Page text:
Basically, it involves eating only during a few hours of the day (eating window) and fasting for the rest of the hours (fasting window). Now, the fasting window can range anywhere
from 12 to 16 to even 24 hours depending on the type of intermittent fasting that you decide to try out.
Now, karwachauth is enough of a torture for me. So, obviously, I ruled out the 24-hour fasting window option as soon as I got to know about it and settled for an 18-hour long fasting window that started from 8:00 pm (I finished my dinner by then) till 2:00 p.m.
The next day, I broke my fast with a huge glass of water, fruits, and cold coffee—taken at an interval of 30 minutes and followed by a hearty 400-calorie lunch, a light evening snack, along with a 400-calorie dinner later in the day.
Why did I decide to give this diet a try, you wonder?
If you’re a staunch believer/follower of intermittent fasting, pardon me for referring to it as a ‘diet’ instead of a ‘lifestyle’. But, intermittent fasting went out of my life too quickly. It’s totally not my style. Hence, for me, it remains a DIET that I tried and ended up regretting.
Anyway, let’s get to the point, shall we?
Apart from satisfying my adventurous streak, the other reason why I decided to give intermittent fasting a try is that it’s now bigger than ever on social media. In fact, several health influencers are following it.
The many benefits that they claim intermittent fasting has are even echoed by Dr. Namita Nadar, head nutritionist, Fortis Hospital, Noida, who I got in touch with to understand why exactly intermittent fasting backfired in my case.
“Many people have observed that intermittent fasting has innumerable health benefits such as boosting energy, improving glucose homeostasis, increasing growth hormone (GH) production, reducing inflammation decreasing oxidative stress, lowering triglyceride (TG) levels and blood pressure, increasing and protecting brain function, increasing resistance to age-related diseases like immune disorders, cancer, heart disease, stroke, eye disease, Alzheimer’s and promoting longevity,” she said.
From the weight loss point of view (which was the real motivation in my case), she explained that intermittent fasting can promote weight loss and health while being an accessible and doable diet for many people.
“Some people may really like the fact that you get to eat a larger portion of food at once during intermittent fasting. This can leave one feeling more satiated. Additionally, the fact that you can still eat the same number of daily calories and don’t have to take away or change the food you eat is also something that makes this diet work for many.”
So, did it deliver its promise to me?
I believe that question was answered in the story’s title itself. But, just to make things clearer, here’s what happened: I GAINED WEIGHT.
As if having to skip breakfast and dragging my sluggish self to work in the morning on an empty stomach wasn’t enough of a torture, it came with a heavy price of weight gain. That’s not it. The after-meal discomfort was no less of a problem to deal with. You know what I mean, right?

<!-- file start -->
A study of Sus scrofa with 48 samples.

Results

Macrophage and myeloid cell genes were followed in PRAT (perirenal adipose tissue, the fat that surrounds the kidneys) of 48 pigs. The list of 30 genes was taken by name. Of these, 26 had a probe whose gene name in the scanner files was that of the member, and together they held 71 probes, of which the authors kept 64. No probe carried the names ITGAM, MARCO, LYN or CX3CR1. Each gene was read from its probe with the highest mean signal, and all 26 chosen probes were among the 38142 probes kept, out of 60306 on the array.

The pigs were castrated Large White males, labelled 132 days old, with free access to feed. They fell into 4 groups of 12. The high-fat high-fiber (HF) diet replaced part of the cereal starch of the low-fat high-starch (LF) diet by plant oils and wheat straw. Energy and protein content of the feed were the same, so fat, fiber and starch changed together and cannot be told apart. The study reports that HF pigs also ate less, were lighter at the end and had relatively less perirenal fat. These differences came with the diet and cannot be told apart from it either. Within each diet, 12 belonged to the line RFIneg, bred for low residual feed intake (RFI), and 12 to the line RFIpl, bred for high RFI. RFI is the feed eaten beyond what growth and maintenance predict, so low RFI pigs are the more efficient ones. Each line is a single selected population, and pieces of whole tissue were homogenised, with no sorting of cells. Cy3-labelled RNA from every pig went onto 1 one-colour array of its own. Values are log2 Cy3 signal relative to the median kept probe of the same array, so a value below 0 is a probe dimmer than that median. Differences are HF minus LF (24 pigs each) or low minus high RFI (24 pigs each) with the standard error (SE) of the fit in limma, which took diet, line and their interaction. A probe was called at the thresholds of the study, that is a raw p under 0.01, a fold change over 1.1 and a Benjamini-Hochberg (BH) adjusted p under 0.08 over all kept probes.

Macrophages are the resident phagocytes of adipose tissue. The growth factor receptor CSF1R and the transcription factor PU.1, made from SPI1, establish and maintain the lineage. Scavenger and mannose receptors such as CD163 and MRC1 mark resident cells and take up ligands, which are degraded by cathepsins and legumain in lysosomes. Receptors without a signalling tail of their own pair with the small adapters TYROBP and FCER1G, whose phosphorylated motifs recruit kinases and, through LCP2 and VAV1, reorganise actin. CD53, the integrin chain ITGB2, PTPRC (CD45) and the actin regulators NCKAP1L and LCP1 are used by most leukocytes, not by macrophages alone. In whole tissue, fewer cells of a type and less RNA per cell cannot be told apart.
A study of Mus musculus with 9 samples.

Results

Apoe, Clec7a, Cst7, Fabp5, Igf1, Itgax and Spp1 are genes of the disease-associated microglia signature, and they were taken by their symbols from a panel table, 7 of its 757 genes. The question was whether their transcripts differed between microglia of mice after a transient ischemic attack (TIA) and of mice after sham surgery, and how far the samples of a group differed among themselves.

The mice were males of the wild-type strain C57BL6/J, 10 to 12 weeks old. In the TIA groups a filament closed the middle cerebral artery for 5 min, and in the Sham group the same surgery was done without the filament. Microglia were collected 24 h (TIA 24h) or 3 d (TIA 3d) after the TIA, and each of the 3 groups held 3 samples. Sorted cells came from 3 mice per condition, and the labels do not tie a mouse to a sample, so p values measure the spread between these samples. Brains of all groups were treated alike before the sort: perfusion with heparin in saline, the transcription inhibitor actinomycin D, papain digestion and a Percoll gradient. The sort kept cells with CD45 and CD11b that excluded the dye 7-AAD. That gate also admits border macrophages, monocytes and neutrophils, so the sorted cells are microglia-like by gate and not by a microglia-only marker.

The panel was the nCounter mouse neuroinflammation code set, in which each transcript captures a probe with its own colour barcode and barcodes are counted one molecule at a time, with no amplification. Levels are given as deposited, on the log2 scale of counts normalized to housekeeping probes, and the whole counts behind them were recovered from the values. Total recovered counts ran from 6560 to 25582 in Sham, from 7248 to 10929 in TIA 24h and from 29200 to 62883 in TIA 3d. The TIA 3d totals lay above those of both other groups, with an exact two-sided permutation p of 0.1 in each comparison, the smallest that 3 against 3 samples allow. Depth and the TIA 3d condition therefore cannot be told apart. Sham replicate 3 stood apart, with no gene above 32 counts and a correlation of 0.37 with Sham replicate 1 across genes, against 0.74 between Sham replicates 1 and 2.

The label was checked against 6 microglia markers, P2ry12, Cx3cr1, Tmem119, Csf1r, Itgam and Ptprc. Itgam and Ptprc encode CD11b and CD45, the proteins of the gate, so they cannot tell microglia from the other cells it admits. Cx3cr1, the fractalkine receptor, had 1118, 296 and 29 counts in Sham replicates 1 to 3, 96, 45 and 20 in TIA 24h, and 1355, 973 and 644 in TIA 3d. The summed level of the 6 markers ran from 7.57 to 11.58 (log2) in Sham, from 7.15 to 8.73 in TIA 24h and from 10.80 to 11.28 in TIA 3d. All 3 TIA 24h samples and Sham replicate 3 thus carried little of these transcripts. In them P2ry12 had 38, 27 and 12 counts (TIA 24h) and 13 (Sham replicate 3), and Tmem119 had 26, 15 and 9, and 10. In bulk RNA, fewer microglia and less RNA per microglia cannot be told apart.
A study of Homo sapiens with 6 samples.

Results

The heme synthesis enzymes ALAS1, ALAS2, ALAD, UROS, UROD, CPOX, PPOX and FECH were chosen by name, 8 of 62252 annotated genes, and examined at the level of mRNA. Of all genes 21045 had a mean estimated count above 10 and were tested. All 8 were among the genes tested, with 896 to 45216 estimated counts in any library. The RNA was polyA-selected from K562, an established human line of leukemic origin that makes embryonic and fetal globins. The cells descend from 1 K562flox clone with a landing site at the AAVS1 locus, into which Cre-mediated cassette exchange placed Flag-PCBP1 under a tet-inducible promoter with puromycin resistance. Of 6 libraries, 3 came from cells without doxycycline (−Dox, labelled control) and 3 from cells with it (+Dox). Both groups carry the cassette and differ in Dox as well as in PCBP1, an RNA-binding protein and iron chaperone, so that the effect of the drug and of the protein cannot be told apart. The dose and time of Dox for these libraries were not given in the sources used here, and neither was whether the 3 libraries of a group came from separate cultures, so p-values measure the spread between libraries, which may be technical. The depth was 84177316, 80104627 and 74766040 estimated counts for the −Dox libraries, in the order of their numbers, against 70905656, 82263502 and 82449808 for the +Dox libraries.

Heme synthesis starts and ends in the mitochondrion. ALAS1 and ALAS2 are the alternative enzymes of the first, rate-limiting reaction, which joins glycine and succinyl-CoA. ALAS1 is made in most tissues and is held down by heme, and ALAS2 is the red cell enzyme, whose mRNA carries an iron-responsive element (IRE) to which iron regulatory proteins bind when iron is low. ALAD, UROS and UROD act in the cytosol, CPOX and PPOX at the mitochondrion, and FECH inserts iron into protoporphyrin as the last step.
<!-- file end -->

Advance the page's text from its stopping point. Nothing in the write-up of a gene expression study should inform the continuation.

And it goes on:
What’s really the point of a diet if you have to succumb to swallowing ajwain to feel better after eating your meals?
But, why did it backfire?
Nadar solved this mystery by citing the following reasons for this diet turning into a tragedy for me:
1. Interference in social aspects of eating: Eating is very much a social activity. When you think about it, all of our celebrations, milestones and special occasions revolve around food. This new eating pattern does not match the usual eating style of most people. This is because of the shortened time frame you have for eating. It can be difficult for you in social gatherings where everyone else is eating and sipping on beverages, making you awkwardly stand out from the crowd.
2. Binge feasting: “Some people may take the ‘eating’ periods as an opportunity to eat more calories than they really need. When you’re hungry, or you anticipate a period of fasting coming up, it can be very tempting to go hog wild at the first sight of food. If intermittent fasting is being practiced to reduce caloric intake, there is a chance that the feasting period spoils the hard work and disturbs the calorie deficit created by fasting,” she points out.
I wouldn’t deny preferring large meals at once after long hours of feeling deprived. Must’ve lost track of the calories somehow. But, what else can you expect from a hungry, deprived foodie, huh?
3. Digestive problems: “When we eat a large amount of food in a short amount of time, the body needs more time to digest it. This can cause additional stress on your gastrointestinal tract, leading to indigestion and bloating,” Nadar mentions, making the reason behind my post-meal discomfort crystal clear.
4. Nutritional deficiencies: According to Nadar, intermittent fasting can pose a serious risk of nutrient deficiencies, electrolyte abnormalities, as well as fertility and reproductive
issues in women.
Now, I did not practice it for long enough to know or claim if it really affected me that hard, but I surely can vouch for the nutritional-deficiency claim. I did really feel quite fatigued and weak, especially during the fasting window. The eating window went down the drain due to the post-meal sluggishness, heaviness, and discomfort.
5. Slower metabolism: Apart from overeating, intermittent fasting can slow down your metabolism. This is because when your body goes into starvation mode, it begins to use your muscle protein as a source of fuel and starts breaking down your muscles. In fact, a 24 hour long fast can lower your basal metabolic rate,” Nadar warns and adds that it can have negative implications on your health in the long run, especially if one is going through any underlying health conditions.
So, while intermittent fasting can work wonders for certain people, it really didn’t work for me.